Bookkeeping Accounts Your Business Might Be Needing
Creating great products and services, building awesome teams and winning customers are the expertise of small business owners and startup entrepreneurs. Yet, some of them fail in basic bookkeeping. As a business owner or entrepreneur, you should understand what types of accounts your bookkeeper uses to organise your finances, which will enable you to review your success (or failure) in a day.
Here are some basic types of bookkeeping accounts that you should know.
Accounts payable is the total amount of a business’ short term obligations to pay suppliers for products and services which it purchased on credit. If accounts payable are not paid within the payment terms agreed by with the supplier, payables are considered to be in default, which may cause a penalty, interest payment or revocation of additional credit from the supplier. But it’s a little less painful if you have a clear view of everything through your accounts payable account. Remember that paying bills early qualify your business for discounts.
When you sell products and services to a customer but you don’t collect payment immediately, that’s means you have “receivables” and you must track accounts receivable. Account receivable is a documented invoice that is being issued to the customer through a billing procedure. Keep it up to date so you can send timely and accurate bills or invoices.
All your business transactions should pass through the cash account. Bookkeepers often use two journals for this account: cash receipt and cash disbursement. Cash receipt is the record when the cash payment has been given out for the sale of a product. Meanwhile, cash disbursement is a payment of money to settle an account such as an expense, interest payments for loans and account receivable.
This is a company’s sales of products and its production or purchase of the products. Some companies try to find the proper amount of inventory to avoid lost sales, disruptions in products, high holding costs, etc.
This account tracks what you owe and what’s due. If you borrowed money to buy items for your business, this is for you. A loan payable charges interest, which is usually based on the earlier receipt of a certain sum of money from a lender.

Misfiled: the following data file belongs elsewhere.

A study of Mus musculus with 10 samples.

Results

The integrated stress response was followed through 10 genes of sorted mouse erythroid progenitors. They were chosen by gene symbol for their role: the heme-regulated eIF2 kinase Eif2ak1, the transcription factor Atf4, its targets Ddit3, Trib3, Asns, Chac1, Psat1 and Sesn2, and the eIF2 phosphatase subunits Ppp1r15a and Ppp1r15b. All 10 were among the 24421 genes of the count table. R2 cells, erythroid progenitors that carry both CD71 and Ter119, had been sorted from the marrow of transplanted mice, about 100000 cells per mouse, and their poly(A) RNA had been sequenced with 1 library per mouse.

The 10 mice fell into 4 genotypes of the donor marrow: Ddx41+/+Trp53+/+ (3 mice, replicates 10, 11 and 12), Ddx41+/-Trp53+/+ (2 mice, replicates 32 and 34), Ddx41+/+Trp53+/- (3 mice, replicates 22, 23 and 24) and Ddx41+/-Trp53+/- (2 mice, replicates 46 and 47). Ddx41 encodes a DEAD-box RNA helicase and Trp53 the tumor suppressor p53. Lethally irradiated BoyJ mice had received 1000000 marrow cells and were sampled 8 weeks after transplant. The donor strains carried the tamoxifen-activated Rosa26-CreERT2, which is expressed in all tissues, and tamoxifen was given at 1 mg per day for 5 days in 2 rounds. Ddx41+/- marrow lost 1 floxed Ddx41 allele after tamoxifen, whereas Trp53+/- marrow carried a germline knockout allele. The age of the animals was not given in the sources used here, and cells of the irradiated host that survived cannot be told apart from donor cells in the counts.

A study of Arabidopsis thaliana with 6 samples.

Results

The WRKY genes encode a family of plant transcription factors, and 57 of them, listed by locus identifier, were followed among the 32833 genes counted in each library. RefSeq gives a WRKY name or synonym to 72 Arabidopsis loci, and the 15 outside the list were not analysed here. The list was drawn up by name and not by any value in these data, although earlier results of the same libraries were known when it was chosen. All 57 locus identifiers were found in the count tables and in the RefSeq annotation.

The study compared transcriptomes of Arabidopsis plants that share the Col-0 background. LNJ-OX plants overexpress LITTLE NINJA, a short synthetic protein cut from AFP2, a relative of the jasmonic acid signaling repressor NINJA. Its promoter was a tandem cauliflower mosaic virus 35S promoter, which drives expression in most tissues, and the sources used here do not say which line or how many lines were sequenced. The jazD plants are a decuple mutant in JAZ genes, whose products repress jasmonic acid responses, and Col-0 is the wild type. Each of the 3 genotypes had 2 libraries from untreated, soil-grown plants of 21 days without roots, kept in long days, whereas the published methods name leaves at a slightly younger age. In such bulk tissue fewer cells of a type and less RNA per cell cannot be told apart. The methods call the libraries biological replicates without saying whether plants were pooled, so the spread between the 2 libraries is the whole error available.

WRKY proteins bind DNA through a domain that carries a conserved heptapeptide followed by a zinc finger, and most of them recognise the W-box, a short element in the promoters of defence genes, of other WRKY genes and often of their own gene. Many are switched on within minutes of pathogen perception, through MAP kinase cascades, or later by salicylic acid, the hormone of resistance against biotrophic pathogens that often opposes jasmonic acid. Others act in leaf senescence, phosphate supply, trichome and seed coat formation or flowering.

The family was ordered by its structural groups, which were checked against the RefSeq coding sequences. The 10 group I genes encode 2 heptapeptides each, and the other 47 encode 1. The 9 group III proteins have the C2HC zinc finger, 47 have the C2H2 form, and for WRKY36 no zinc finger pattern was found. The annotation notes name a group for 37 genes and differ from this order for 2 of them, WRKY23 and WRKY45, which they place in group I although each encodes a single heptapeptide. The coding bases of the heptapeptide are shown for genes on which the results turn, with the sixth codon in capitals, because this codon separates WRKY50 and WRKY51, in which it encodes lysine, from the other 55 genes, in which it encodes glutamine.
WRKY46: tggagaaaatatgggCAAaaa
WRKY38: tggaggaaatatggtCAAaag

For many businesses, this is the biggest cost. Payroll is your investment for the people who are working for your business. Keep this account up to date for you to meet tax and other government reporting requirements.
This is the track record for any purchases you make for your business (raw materials, finished goods, etc). It’s a key component for calculating the “cost of goods sold” (COGS), which is subtracted from your sales to find your gross profit.
Owners’ equity is the total assets of your business, minus its liabilities. The owners’ equity account tracks the amount every owner puts into the business.
This account tracks any of your profits that are reinvested in your business and are not paid out to owners. Retained earnings are the running total of money retained since your business started. This account is specifically important to investors and lenders who are monitoring your business’ performance over time.
This account is where you track all incoming revenue from what you sell. You should record your sales timely and accurately to know where your business stands.
Let a bookkeeper do the job for you. Consider hiring one of the best bookkeeping services today.